I would love to say I have never lost my motivation. That I always have a clear picture of what I will want and I stay on track until I get it. I would love to say that, but I would be lying. If anyone else tries to tell you that, they would be lying as well. We all lose motivation from time to time. It can happen at work or at home–or both–but it happens. And when it does, it is very difficult to restart your engine and get back into a productive rhythm.
Losing motivation can have greater consequences than just keeping us from our goals. When we lose our will to move forward, the energy driving us has no positive outlet. Without any desire to pursue a goal, we are more likely to channel that energy into negative or effortless activities like over-eating or binge watching a season of Six Feet Under. While both activities may feel comforting and fill a need, neither will move you toward your goal.
How do you get your mojo back when it has taken a vacation and left you behind? Here are steps to get regain your motivation and get you back in the game.
Write it down–It doesn’t matter you work in the corporate jungle, are self-employed, or a stay at home parent. There is always too much to do in this hectic world. It can be overwhelming and paralyzing, A never-ending agenda can quickly sap any semblance of motivation we may have. One of the best ways to deal with a sense of overwhelm is to write it down. If you have to deal with professional and personal tasks (and who doesn’t?), make separate lists. Compartmentalizing tasks allows you to maintain focus. When you have written everything down, regardless of how small or inconsequential it may seem, you can let it go until later while concentrating on the task at hand.
Want vs. Need— Once you have your lists written out, prioritize them by want you want to do and what you must do. Tackle the must do items first. You’ll have a better sense of accomplishment which makes the want-to-do’s even more enjoyable.
Minimize–Sometimes we lose motivation because our lists are too long to even consider tackling. If your list is still overwhelming, even after separating personal and professional tasks, think about paring it down. Could you remove items without adverse effect? Just as you thin seedlings to achieve a better crop, you can remove items from your list to increase the productive quality of your time.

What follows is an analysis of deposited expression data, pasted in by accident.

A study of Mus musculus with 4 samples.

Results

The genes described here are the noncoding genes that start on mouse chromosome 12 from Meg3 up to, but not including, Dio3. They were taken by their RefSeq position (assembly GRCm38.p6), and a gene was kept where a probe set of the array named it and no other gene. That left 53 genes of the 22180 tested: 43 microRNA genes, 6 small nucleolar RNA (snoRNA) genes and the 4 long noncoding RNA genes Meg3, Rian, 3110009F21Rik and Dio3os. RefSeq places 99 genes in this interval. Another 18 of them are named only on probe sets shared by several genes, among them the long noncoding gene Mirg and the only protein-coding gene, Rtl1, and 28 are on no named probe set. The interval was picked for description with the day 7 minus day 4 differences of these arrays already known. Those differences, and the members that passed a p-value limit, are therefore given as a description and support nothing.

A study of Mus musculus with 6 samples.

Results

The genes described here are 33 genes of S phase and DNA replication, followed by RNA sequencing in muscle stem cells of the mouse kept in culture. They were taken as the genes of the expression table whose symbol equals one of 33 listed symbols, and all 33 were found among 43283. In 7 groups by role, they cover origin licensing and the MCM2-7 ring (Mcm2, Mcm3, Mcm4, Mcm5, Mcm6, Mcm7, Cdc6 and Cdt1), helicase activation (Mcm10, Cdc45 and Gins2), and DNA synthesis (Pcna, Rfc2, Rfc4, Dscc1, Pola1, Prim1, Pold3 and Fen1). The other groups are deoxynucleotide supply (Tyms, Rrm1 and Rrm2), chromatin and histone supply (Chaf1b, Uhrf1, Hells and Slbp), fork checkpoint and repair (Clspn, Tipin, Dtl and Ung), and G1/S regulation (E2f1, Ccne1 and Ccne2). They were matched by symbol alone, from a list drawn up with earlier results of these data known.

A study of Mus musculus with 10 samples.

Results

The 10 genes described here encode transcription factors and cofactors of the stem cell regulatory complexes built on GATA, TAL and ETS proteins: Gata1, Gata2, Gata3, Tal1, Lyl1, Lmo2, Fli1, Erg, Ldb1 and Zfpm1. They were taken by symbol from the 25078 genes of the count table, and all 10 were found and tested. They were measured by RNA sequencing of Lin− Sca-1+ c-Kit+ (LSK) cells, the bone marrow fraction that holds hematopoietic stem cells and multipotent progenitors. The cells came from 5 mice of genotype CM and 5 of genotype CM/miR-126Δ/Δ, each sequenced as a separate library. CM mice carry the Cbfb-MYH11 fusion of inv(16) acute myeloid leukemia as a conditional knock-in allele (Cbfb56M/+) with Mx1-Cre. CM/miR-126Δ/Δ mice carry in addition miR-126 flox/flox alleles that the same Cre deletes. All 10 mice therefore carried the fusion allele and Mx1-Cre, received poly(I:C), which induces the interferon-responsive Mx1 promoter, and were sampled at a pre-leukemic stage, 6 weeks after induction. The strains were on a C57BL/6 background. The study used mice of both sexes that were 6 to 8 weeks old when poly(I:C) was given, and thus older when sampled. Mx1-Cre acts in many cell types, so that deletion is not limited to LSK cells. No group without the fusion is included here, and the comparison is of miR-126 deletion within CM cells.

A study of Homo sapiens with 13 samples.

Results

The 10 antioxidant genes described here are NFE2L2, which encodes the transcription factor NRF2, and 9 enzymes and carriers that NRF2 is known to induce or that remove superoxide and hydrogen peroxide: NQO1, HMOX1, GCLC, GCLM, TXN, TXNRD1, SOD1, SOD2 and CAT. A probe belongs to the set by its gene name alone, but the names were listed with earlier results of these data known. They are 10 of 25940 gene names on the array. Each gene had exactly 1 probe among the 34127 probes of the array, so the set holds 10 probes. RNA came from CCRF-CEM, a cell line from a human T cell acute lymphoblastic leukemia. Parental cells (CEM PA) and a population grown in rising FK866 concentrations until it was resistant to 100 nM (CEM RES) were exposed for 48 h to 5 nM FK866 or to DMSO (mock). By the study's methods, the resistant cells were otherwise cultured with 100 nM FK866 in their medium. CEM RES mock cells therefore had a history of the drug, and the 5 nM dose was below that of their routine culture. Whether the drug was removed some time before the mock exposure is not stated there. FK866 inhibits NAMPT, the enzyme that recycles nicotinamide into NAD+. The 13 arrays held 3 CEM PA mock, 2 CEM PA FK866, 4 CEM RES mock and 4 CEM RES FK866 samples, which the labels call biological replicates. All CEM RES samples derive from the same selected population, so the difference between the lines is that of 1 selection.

Stop Comparisons–It’s human nature to compare ourselves to our friends and co-workers. It is also a motivation killer. When we make comparisons with others, we inevitably find people we feel are doing better than we are. Instead of being happy for them, these comparisons usually lead to envy, leaving us feeling inadequate. Why did they get the promotion? How did they get all those customers? How did they afford that new car? Instead of focusing on their accomplishments, focus on your own. Celebrate even the small ones. Remember, you are exactly where you should be at any given time.
Lose the Negativity–Surrounding yourself with downers? Don’t. Every office has its share of negative people. Those who, no matter what happens, will only see the bad side of anything. Their outlook is infectious. If you know people like this, limit your time with them or end it completely if possible. If you have friends who love to focus on the negative, perhaps it’s time to look for some new friends.
Gain the Positive–Once you get rid of the negative influences in your life, fill that void with positive energy. We are most like the people with whom we spend the most time, so choose to surround yourself with upbeat and positive people. Their influence will really change your outlook.
Develop yourself–Spend twenty minutes a day engaging in some type of personal development. It can be reading, watching Ted Talks, or listening to audiobooks–whatever excites you. When you make personal development a part of your daily routine, you can’t help but feel more inspired and motivated. But here’s the key–after you feel motivated, do something with what you’ve learned. Create an action plan and add it to your to-do lists. Or try out just one idea spontaneously. Personal development is great, but without corresponding action it will do little to increase your motivation.
Sometimes the best thing you can do if you feel your motivation has gone south is to stop. Take a break and get out of the smaller picture. Look at the big picture and remind yourself why what you are doing is important. Why do you want to build that business or lose that weight? What will it mean for you in the long run. We all lose track of the big picture from time to time, especially when events in the smaller picture sap our energy. When that happens and frustration sets in, step back and take a breath. Revisit your big why–why you started and what it will mean for you when you finish. Reconnecting with the big picture is one of the best ways to rekindle the spark of your motivation and get moving once again.